The 'pro' aspect of the semi-pro category means that it's home to much more specialist (and specialized) tools than the other categories we've reviewed in these roundups. If you're a studio or landscape photographer, you'll have certain requirements. If you're constantly switching between stills and video, your needs are likely to be different, and the wedding photographer's expectations will differ again.


Best enthusiast model: Nikon D750

The D750 was always the least expensive camera in this group but its significant mid-life price drop sees it jump up in our estimation, compared to last year. It's the do-everything capability and relatively low price that make the D750 stand out for us. The image quality is superb and the autofocus - particularly the ability to stick to any subject you specify - is dependable enough for all but the most challenging of sporting events. Video is something of a weak spot but there's always the a7S II if that's your primary requirement. Note that mirror and shutter-induced shake at long focal lengths can be an issue at certain shutter speeds, particularly when using Vibration Reduction.

The other great do-it-all camera in this class is Canon's EOS 5D Mark IV. We may have been disappointed by its 4K video, and viewfinder subject tracking AF, performance but every other aspect of the camera is a more polished version of the Mark III, so there's every reason to expect it will make just as effective a workhorse for enthusiasts and pros alike.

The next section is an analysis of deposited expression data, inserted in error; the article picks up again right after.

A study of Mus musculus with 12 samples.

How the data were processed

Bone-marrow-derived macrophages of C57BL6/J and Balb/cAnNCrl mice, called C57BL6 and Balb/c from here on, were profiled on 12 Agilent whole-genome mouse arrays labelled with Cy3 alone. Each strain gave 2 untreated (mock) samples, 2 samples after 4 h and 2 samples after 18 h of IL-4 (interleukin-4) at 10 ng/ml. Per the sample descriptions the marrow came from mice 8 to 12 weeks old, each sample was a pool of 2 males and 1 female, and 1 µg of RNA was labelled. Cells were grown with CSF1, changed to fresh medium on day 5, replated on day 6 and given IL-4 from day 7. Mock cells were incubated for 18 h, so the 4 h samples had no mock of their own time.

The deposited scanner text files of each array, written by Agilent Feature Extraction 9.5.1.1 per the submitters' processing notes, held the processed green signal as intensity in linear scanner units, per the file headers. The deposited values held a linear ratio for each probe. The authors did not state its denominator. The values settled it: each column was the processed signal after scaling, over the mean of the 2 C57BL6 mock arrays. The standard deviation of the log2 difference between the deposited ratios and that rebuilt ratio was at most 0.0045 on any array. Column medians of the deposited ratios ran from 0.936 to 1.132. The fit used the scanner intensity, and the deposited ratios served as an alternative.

Money no object camera: Sony a7R II

The Sony a7R II deserves a mention for its sheer capability. 42MP of resolution, dynamic range topped only by the D810 and the truly impressive Eye AF system help the Sony stand out, even in this esteemed company. Its video quality is exceeded only by its sister model, the a7S II and their video feature sets run similarly deep. On top of this, it achieves all this from a body that's considerably smaller than the closest competing DSLR, yet still finds room to provide in-camera image stabilization. Only its shorter battery life and price stopped it winning this roundup outright.